A massive Black Lives Matter mural on Rosalind Avenue seemed like a positive step. But some in Orlando's Black community would rather see systemic change 

They say the road to hell is paved with good intentions. Few would claim that Orlando city leaders had anything but the best intentions in mind when they painted the words "Black Lives Matter" in letters 30 feet high on the surface of Rosalind Avenue. But many residents, Black and white alike, question the utility of the gesture.

After "BLACK LIVES MATTER" was painted in giant letters on Washington, D.C.'s 16th Street just across from the White House, other cities took notice. From Oakland, California, to Raleigh, North Carolina, mayors emulated D.C. Mayor Muriel Bowser with their own BLM street murals.

In Orlando, after a coalition of community and faith leaders and activists presented a plan, the decision was made by city staff to move forward with the City Beautiful's own version, painted on a stretch of Rosalind between Washington and Robinson streets.

On a sunny Friday morning, local pols got the outline started in red paint, masks on faces and broom-handle paint rollers gripped firmly, for a photo op. Then youth enrolled in the city's summer camp program and students from Jones High School were joined by volunteers from Black Voters Matter, Cobaris International Ministries, Drop D No Limits Foundation, Equal Ground Education Fund, Faith in Florida, Greater Refuge, New Image Youth Center, Salvation Army, Stop the Violence and Embrace, the Experience Christian Center and Valencia College rolled up their sleeves and applied 170 gallons of black, green and red paint to a 400-foot-long asphalt canvas.

"We believed this was a way to join together as a community and in a symbolic way, further reaffirm Orlando's commitment to take action to stop racial injustice and inequality," said city spokeswoman Cassandra Lafser on Friday.

The intention was to finish up on Saturday morning, but as is so often the case in the nation's discourse, anonymous commenters had something to add.

"Not enough." - PHOTO BY JENNIFER H. DESIRE
  • Photo by Jennifer H. Desire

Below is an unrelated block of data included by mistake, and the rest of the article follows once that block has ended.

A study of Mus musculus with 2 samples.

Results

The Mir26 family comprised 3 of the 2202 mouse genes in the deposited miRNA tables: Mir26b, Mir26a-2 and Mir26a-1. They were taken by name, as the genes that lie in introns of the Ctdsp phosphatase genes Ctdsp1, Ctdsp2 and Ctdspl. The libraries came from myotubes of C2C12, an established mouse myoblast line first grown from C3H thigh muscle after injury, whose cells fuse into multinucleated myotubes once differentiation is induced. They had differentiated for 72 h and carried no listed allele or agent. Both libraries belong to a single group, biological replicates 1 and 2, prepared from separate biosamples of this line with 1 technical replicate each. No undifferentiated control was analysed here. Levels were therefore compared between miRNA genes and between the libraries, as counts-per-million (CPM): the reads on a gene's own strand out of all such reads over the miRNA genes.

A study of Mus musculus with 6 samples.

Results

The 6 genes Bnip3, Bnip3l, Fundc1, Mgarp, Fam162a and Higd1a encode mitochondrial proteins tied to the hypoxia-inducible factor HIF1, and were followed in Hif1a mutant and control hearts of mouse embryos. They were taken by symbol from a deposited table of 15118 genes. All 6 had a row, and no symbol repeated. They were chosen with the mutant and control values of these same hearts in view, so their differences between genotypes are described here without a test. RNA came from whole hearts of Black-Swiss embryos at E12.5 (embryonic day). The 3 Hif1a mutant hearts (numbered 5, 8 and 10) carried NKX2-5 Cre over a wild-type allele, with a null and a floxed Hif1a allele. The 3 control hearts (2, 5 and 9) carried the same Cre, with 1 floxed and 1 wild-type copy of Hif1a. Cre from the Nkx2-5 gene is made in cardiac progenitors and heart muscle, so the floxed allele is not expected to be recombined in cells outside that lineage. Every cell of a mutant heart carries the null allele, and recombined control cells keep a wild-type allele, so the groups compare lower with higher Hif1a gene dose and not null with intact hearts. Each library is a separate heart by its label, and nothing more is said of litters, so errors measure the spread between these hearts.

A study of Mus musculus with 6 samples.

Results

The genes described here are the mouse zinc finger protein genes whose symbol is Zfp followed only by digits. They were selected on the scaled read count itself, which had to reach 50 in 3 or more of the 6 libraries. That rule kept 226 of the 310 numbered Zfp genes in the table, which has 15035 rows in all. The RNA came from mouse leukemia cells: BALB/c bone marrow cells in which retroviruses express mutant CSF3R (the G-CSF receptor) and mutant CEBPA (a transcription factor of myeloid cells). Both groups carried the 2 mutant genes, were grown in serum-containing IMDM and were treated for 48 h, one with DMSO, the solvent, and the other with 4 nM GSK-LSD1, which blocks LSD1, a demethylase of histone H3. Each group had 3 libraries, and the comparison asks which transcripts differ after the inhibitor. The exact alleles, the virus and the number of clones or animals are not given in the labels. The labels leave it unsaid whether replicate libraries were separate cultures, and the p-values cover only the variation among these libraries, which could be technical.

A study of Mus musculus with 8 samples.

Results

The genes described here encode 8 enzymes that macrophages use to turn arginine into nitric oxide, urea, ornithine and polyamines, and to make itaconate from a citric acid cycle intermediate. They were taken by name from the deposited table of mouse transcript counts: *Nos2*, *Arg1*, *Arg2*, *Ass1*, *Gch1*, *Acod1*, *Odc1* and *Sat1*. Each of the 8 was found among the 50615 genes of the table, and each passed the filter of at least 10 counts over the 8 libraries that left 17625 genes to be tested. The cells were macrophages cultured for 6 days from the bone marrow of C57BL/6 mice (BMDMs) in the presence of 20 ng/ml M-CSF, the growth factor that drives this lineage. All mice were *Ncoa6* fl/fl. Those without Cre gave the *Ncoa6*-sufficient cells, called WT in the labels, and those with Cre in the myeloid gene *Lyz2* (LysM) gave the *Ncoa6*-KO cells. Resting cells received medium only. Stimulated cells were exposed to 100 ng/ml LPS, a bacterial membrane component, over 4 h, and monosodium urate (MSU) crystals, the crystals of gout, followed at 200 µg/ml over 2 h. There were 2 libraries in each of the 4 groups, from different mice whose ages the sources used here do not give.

• "Not enough."

Overnight, graffiti saying "Abolish the police," "Defund OPD" and "Not enough," among other phrases, was spray-painted across the giant mural letters.

While BLM murals in other cities including Cleveland, Charlotte, Eugene, Oregon and Montpelier, Vermont have also been defaced, those acts seemed to have been motivated by anti-BLM sentiment. In this case, it was a more nuanced criticism – an implication that the mural was a symbolic move, but nothing more.

City Commissioner Regina Hill, who called the graffiti "felony vandalism," was at the site Saturday morning waiting for a cleanup crew. City workers painted over the graffiti. Orlando Mayor Buddy Dyer issued a statement:

"We're deeply saddened that a symbol of our commitment to ending racial inequality created together with our community was vandalized," he said. "We find this type of behavior disturbing, it has no place in our city, and this will not deter our efforts to bring about real change and action."

"Defund OPD." - PHOTO BY JENNIFER H. DESIRE
  • Photo by Jennifer H. Desire
  • "Defund OPD."

But a significant segment of the city rejected the easy narrative of "mural good, graffiti bad." Echoing many of Orlando's white allies, small business owner Andrew Chang posted a photo of the mural on Instagram asking, "But where is that police reform and justice? Asking for all of our Black friends ...."

"I believe the mural is an incremental step in the right direction," says Orlando photographer and business owner Wayne Grant. "Speaking to activists in quiet one-on-one moments, you quickly realize that expectations are far more idealistic than realistic."

Tyla Harrington, one of those younger activists – also Black, also a photographer – says more bluntly, "I feel that all of these gestures are meaningless and empty. The only thing that needs to happen are punishing cops that harm us and extending legislative protections for Black people specifically, where there are big consequences for harming us, and a reparations package to all descendants of American slaves. That mural means nothing."

The Black Artists for Black Lives march passed by the new street mural Sunday, June 28. - PHOTO BY SETH KUBERSKY
  • Photo by Seth Kubersky
  • The Black Artists for Black Lives march passed by the new street mural Sunday, June 28.

Diplomatically threading the needle, Miles Mulrain Jr., CEO of Pine Hills nonprofit Let Your Voice Be Heard, says, "The Black Lives Matter Mural was never the issue, the timing and rollout of the mural was. Despite the money spent that could've went to better places, activists never organized an effort against the mural because we understood the symbolism – but in the same light, we showed up to speak about why the symbolism wasn't enough." The Black Artists For Black Lives march that went right past the mural on Sunday was planned before the mural was unveiled. But its presence, and subsequent defacement/commentary (take your pick) gave the artist-centric march poignant new relevance.

Mulrain continues, "The fact that the mural was defaced goes to show there was a lack of structural and cultural change in the city before it was announced. We have policies that can be changed just as fast as they were changed for the curfew. We have officers with a proven history of abuse that are still employed by the city. We have officials with the power to change systemic structures locally that still adversely affect the Black community. We have work to do, and it is not time for a celebration."

Janessa Gursky contributed additional reporting.